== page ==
By the time I became pregnant with Isabelle, I had been taking prenatal vitamins for months. She had been very much planned down to the month she was conceived. We were overjoyed when I woke up early one morning in November 2013 and had a positive pregnancy test. From then on, Matt and I devoted ourselves to a healthy pregnancy. I ate all the right foods and avoided anything with even the slightest risk. We attended weeks and weeks of birth classes. I didn’t take so much as a Tylenol during my pregnancy. I battled through the nausea, exhaustion, Carpel Tunnel, heartburn, and restless nights. I religiously got on the treadmill and walked for 30 minutes everyday after work. I had a very healthy low-risk pregnancy and we treasured every kick and ultrasound.
Isabelle was quite content in my belly. At 41 weeks, an induction was scheduled. On July 24, 2014 with the house completely clean, food stocked up, and a beautiful nursery ready to go, Matt and I loaded our bags into the car and headed to the hospital. We were incredibly excited about the journey ahead of us. We had read all the books, taken all the classes, saved money and planned for our baby girl’s arrival. We were living the American dream and were completely thrilled about it.
The night that we arrived at the hospital, a huge storm blew through the area. With it seemed to bring a wave of laboring women. Since I was a scheduled induction, paperwork was filled out, tests were run, and since everything looks great, I was sent to a room in pediatrics to sleep until a room became available for the induction.
A few hours later, I woke up with cramping that eventually developed into contractions. At first I was excited that things had progressed naturally and that an induction would not be necessary. In a matter of minutes though, everything changed. The pain became severe and I began to bleed. The nurse struggled with finding Isabelle’s heartbeat and called the doctor. Minutes later I was rushed to the operating room and given general anesthesia. Isabelle Clare was born at 4:59 am on July 25. She was 9 pounds 14 ounces and 21 inches long. She beat her mommy’s birth weight by 1 ounce. I woke up a few hours later with the doctor and a group of nurses hovering over me. I was foggy and slowly began to piece together what had happened: placental abruption, my daughter was resuscitated after 15 minutes, lack of oxygen, brain damage, uncertainty – These words rung in my head as the doctor spoke. Was this really happening to us? We did everything right!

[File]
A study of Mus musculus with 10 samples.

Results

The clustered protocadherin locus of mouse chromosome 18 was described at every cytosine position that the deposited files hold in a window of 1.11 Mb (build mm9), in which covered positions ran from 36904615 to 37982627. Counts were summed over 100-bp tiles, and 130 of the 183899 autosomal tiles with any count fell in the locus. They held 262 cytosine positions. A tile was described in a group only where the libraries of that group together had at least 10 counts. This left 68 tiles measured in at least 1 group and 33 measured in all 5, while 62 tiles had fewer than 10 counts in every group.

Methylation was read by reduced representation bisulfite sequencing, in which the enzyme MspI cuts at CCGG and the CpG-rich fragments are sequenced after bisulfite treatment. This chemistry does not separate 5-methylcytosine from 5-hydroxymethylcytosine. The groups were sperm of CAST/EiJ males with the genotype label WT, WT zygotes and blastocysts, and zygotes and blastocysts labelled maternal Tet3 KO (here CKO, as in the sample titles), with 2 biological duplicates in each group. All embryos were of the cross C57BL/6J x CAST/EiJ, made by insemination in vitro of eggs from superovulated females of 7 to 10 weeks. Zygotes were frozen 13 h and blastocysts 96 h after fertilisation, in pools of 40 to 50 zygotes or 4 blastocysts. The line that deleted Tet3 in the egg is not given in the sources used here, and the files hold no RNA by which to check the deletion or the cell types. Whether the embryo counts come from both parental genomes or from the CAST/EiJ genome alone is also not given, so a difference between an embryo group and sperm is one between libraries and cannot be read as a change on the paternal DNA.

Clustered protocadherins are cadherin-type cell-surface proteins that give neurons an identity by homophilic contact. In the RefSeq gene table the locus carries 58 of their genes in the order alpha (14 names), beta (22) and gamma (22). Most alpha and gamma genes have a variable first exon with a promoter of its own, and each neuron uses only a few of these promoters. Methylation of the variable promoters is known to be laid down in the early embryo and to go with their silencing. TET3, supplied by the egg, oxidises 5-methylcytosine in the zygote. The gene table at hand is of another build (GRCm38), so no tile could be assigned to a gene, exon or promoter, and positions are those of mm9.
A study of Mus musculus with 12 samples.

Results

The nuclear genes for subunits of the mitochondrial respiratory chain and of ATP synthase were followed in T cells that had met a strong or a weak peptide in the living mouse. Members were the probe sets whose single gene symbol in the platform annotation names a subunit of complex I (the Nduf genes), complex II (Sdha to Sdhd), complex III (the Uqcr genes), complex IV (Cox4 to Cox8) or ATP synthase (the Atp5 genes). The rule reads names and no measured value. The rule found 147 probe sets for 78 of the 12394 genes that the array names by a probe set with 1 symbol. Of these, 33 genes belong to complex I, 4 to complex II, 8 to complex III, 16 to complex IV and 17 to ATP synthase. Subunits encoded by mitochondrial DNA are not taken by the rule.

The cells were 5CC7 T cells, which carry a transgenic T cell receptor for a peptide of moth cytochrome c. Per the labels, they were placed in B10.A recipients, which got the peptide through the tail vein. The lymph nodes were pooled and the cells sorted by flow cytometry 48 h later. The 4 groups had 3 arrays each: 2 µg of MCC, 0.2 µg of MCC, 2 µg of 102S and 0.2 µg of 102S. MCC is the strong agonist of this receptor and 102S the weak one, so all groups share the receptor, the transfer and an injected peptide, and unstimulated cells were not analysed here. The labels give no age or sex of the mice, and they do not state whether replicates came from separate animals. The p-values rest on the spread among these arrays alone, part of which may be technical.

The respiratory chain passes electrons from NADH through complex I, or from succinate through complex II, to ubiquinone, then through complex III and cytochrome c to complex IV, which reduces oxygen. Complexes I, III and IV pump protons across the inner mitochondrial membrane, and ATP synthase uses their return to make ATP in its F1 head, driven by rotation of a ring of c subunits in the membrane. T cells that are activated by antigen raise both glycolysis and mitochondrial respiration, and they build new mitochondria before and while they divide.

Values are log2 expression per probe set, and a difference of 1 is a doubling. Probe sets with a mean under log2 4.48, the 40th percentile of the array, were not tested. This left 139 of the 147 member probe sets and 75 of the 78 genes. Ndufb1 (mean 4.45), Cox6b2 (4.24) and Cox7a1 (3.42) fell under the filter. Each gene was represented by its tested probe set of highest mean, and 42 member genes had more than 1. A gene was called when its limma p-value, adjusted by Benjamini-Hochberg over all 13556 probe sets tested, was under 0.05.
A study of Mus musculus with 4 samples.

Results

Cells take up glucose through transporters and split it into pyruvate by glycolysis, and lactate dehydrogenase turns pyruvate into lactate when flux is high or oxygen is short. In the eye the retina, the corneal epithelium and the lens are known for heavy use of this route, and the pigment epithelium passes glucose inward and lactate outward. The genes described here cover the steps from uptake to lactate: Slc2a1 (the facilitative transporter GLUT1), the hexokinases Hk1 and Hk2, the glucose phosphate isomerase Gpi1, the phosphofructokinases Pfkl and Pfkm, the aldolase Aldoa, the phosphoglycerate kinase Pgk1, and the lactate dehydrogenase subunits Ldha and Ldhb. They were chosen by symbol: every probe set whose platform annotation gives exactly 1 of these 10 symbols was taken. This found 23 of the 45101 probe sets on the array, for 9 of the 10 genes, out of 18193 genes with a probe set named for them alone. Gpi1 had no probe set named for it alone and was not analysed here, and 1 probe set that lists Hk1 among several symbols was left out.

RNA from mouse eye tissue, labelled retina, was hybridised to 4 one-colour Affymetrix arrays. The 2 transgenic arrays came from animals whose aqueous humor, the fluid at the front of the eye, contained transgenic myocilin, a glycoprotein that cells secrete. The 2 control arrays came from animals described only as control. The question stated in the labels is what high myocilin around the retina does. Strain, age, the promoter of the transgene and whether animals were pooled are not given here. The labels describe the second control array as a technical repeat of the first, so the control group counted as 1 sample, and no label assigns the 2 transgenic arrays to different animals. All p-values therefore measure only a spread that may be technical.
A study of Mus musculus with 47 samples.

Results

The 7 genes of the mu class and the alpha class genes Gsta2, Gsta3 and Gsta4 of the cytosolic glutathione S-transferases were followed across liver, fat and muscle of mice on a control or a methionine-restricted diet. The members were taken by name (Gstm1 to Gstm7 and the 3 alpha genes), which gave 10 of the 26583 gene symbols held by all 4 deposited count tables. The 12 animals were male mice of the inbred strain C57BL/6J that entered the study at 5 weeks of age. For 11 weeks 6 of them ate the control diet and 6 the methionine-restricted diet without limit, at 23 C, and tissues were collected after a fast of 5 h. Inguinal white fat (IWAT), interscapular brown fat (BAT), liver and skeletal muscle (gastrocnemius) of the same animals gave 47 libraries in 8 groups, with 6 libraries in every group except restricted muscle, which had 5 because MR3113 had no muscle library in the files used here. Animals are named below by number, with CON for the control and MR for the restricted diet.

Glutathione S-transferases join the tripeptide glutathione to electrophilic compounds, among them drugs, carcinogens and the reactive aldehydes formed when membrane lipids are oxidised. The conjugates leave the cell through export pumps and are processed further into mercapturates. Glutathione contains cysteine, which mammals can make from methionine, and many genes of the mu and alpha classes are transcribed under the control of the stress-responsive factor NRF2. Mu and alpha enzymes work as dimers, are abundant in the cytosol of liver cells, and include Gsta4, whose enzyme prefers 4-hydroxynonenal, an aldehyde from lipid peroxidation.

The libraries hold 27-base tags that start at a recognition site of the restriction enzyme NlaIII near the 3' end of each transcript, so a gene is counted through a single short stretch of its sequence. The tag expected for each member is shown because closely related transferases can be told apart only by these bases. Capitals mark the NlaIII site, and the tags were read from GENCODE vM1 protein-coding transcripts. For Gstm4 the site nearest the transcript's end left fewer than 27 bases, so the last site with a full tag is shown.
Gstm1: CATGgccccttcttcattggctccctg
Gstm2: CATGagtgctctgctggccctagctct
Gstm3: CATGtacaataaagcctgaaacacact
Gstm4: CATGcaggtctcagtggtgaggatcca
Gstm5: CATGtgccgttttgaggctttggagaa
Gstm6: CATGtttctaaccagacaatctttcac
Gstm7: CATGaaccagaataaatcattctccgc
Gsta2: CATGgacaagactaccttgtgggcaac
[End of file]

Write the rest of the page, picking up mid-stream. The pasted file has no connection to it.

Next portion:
Isabelle was transferred to another hospital by ambulance a few hours later. Before she left, our parish priest baptized her, and I was able to hold her for the first time. She was hooked up to dozens of wires and a breathing tube. My heart completely broke.
That afternoon, I was transported by ambulance to join her at the other hospital. It was the longest two hours of my life. Not only was I in pain from the surgery earlier that morning, but the uncertainty of Isabelle’s future also plagued my mind. I relived the previous evening over and over. I began to play the “what if” game, wondering what I could have done differently to prevent this. I was terrified of losing my beautiful daughter.
That evening and the next morning were a complete blur. I visited Isabelle as often as my body would allow. Very early on July 26, it became apparent that Isabelle was not going to make it. Devastation does not even begin to describe the pain we felt. Our beautiful daughter, Isabelle Clare, died in my arms the morning of July 26. Shock and pain radiated through my whole being. I was completely numb to the world and everything around me for days.
Isabelle’s funeral was held at our local parish on August 1, 2014. It is by the grace of God that we were able to put one foot in front of the other the day of the funeral. My incredibly strong husband spoke at the end. It was beautiful and heartfelt. I know that Isabelle was looking down on us proud that Matt is her father. We were surrounded by love and support. Family and friends flew in from all over the world. Our work families were also present. A huge number of teachers and Marines in uniform filled the church.
The massive showing of support still couldn’t seem to alleviate the pain and sadness that consumed me. Moving forward seemed impossible. I wanted to wake up only to realize that this was all a terrible dream. Unfortunately, this nightmare was my new reality. I still couldn’t believe that this had happened to us. I longed to be a mother, to hold my daughter, to live the life that we had planned so long for, but each morning I would wake up and be reminded that she was gone.
Be sure to check out Isabelle’s Rainbows.